LONG, LONG TIME AGO
FIRE AND BLOOD, BY GEORGE RR MARTIN, MAKES FOR AN EXHAUSTING READ CHRONICLING TARGARYEN HISTORY AND THEIR DRAGONS
Many Game of Thrones fans will be wondering why George RR Martin decided to write his latest book, Fire and Blood, at this particular time. Rather than attempt to inish his long-awaited, and oftdelayed, book The Winds of Winter Martin has chosen to publish an extensive history of one of its main families: House Targaryen. Even more frustrating: this is only the irst volume, the synopsis reveals.
Billed as a history of the Targaryen Kings, from Aegon the Conqueror to Ageon III, Fire and Blood — which takes its title from the noble family’s house words — take place 300 years before those in the Song of Ice and Fire series. Unlike those books, Fire and Blood is written as an in-universe account (purportedly) by the Archmaester Gyldayn of the Citadel.
The Targaryens are arguably the most intriguing of Martin’s Ice and Fire families, and why wouldn’t they be? Dragons are awesome. Somehow, though, Martin manages to make these warring kings and queens and exiled princes, with their dragons and purple eyes and white-blond hair... dull. Martin appears to have made the assumption that historical writing should be dry and clinical, and that the excitement of the events themselves should be left to do the talking. Yet the prose is so dry that even descriptions of a battle in the sky between two brothers manages to fall as lat as the losing Targaryen and his dragon.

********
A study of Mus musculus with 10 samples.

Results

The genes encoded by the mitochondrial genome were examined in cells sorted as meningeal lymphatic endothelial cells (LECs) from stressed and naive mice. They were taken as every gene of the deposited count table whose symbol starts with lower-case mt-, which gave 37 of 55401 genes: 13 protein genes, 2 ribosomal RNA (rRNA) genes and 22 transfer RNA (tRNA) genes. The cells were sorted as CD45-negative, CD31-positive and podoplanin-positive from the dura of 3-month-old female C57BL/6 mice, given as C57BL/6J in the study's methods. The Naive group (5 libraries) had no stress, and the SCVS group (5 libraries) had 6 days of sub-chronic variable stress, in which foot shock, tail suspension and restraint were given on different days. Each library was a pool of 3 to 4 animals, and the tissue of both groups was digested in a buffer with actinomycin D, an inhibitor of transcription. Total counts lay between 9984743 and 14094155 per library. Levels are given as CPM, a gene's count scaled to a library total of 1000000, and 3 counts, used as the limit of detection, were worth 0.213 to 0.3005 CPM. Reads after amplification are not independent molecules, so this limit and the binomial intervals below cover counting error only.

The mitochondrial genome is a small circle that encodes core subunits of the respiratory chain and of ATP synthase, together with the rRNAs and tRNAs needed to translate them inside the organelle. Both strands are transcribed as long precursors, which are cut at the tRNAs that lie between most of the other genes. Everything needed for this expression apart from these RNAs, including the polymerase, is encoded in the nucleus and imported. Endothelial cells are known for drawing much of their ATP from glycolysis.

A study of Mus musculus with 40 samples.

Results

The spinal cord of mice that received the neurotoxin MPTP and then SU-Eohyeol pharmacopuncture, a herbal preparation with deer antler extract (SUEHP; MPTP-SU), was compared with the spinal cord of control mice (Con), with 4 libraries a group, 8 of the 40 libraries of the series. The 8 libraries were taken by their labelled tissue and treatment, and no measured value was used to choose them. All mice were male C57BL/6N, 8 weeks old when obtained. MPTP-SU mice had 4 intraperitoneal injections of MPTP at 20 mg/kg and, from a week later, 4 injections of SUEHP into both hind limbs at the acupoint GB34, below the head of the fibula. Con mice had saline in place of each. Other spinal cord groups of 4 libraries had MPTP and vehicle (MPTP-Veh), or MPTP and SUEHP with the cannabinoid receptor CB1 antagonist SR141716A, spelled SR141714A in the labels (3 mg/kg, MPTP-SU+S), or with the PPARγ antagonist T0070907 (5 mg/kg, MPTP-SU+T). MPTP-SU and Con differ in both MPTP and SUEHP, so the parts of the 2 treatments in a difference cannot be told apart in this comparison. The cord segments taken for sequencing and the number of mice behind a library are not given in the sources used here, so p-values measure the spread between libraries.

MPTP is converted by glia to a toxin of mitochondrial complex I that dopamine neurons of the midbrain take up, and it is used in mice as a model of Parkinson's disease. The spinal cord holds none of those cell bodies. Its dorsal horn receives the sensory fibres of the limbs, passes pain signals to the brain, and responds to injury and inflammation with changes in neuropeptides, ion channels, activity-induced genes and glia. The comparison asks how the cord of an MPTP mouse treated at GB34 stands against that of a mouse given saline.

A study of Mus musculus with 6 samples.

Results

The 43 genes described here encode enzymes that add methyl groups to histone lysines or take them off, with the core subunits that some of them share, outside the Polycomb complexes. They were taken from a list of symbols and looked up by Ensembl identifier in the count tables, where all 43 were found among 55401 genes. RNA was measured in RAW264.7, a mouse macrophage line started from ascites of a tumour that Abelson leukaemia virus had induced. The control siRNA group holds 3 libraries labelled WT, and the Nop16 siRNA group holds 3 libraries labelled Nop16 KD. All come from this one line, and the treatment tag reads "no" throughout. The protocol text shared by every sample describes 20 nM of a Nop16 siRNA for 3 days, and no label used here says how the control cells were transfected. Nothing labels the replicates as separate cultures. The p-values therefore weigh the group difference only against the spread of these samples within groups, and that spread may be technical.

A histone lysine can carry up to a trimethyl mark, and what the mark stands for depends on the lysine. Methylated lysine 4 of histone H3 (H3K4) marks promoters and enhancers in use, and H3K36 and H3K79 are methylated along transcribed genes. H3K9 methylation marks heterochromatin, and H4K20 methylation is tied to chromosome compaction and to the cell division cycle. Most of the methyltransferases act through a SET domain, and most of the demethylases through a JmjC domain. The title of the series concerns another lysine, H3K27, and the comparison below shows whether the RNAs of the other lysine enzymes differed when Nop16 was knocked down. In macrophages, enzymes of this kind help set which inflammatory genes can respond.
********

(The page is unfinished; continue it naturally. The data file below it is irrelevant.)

Asides from the writing style, the main problem with Fire and Blood lies not in its length (an eyewatering 706 pages) but in its complexity. The irst 100 pages are OK, but as the history continues, the reader struggles to keep up.
Fire and Blood is ideal for fans of the stories who love to obsess over the most minute of details, and it’s fun to see the ancestors of other popular characters turn up along the way. But the sheer scale and exhaustive detail in Fire and Blood makes reading it feel more like you’ve been assigned a mildly interesting, but often tedious, piece of homework.